What Causes Spring Allergies?

Why do you constantly sniffle when the weather gets warm? Here’s what’s happening in your body when spring allergies hit, and what you can do to curb your symptoms.


According to the Allergy Asthma Information Association, approximately 25 percent of Canadians suffer from allergic rhinitis – better known as “hay fever.”  And that number has grown significantly, says Dr. Susan Waserman, clinical immunologist at McMaster University in Hamilton, Ont. “As an allergist, the face of my clinic has changed. All allergy has doubled or tripled.”

Anatomy of an allergic reaction

People inherit a certain genetic disposition towards allergies, explains Waserman. So if you’ve got allergies, you’ve most likely got your parents to thank for it.

During allergy season, your body has an immune reaction when exposed to different allergens and forms allergy-specific antibodies (called immunoglobulins). These antibodies sit on cells in your eyes, nose, lungs and skin. And the next time you come into contact with a particular allergen, your body reacts by releasing chemicals called histamines, leading to an allergic reaction.

Determining your allergy triggers

Before you can treat allergies or try to avoid the cause of your flare-ups, you need to identify what’s causing your symptoms.

If you know that you’re at an increased risk for allergies due to family history, it’s a good idea to get an allergy skin test (called a scratch test) before the season begins. A scratch test exposes the skin to small amounts of irritants and is an effective way of determining what you’re allergic to. However, going through the test when you’re already suffering from allergy symptoms can increase your discomfort.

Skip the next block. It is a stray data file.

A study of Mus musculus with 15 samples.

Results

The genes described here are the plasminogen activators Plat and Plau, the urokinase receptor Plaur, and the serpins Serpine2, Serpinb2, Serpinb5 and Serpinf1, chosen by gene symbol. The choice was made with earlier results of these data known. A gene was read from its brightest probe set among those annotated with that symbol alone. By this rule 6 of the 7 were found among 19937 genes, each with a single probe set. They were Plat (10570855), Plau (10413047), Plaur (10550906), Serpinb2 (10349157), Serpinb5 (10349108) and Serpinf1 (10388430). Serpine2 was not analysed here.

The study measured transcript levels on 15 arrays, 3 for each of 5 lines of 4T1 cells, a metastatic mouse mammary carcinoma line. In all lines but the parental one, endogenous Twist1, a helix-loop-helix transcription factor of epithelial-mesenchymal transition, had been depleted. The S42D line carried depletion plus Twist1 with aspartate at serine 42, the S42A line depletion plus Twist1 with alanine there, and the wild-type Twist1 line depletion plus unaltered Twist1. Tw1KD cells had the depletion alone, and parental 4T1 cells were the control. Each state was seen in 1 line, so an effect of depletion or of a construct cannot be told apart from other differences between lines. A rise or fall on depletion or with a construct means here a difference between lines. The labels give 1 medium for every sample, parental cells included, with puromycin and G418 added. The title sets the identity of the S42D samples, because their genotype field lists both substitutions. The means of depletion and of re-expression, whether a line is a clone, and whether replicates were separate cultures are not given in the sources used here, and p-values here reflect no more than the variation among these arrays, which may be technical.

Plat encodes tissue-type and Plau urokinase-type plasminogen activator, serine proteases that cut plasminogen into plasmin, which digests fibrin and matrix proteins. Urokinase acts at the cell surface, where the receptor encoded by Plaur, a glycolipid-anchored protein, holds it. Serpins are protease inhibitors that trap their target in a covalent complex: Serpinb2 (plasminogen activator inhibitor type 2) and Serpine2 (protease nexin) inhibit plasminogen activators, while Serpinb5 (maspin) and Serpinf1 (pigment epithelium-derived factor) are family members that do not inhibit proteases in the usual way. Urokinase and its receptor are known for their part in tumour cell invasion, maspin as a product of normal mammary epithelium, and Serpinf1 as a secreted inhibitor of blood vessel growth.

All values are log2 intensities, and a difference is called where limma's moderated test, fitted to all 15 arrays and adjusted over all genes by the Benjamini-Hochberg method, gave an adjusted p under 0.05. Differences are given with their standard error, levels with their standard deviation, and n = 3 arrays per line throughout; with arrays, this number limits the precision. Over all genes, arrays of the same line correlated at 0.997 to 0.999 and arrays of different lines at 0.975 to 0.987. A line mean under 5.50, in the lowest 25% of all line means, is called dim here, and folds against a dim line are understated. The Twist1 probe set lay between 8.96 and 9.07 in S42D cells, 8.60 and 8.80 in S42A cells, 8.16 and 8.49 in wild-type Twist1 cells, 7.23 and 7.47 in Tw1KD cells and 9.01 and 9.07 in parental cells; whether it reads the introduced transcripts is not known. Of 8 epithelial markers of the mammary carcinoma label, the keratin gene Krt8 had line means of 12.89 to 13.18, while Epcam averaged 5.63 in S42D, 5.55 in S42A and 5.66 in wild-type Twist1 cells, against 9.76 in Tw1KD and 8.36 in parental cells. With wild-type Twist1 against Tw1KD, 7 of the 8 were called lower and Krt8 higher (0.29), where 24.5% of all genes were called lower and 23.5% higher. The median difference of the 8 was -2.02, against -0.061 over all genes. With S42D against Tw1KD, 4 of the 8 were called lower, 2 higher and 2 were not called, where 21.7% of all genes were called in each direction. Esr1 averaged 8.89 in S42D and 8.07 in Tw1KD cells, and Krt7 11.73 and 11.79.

“Start prepping the season before,” suggests Janine Fraser, a naturopath with a special interest in allergies, at West Shore Family Naturopathic in Langford, B.C. “By the time people are reacting and not feeling well, they’re going to need something pharmaceutical.”

Keep in mind that your allergies may be linked to more than what’s swirling around outside. “During allergy season, you could become more sensitive to food allergies,” says Waserman. Determining whether foods are an issue is an important part of managing your allergies, Fraser adds. “Our health is built by the food we’re eating,” she says. “An anti-inflammatory diet won’t completely eliminate an allergy, but it will take some burden off.” She does note that you should consult a professional before you avoid any specific foods. “If you eliminate the wrong food, you can put yourself at risk for other things [such as nutrient deficiencies],” she cautions.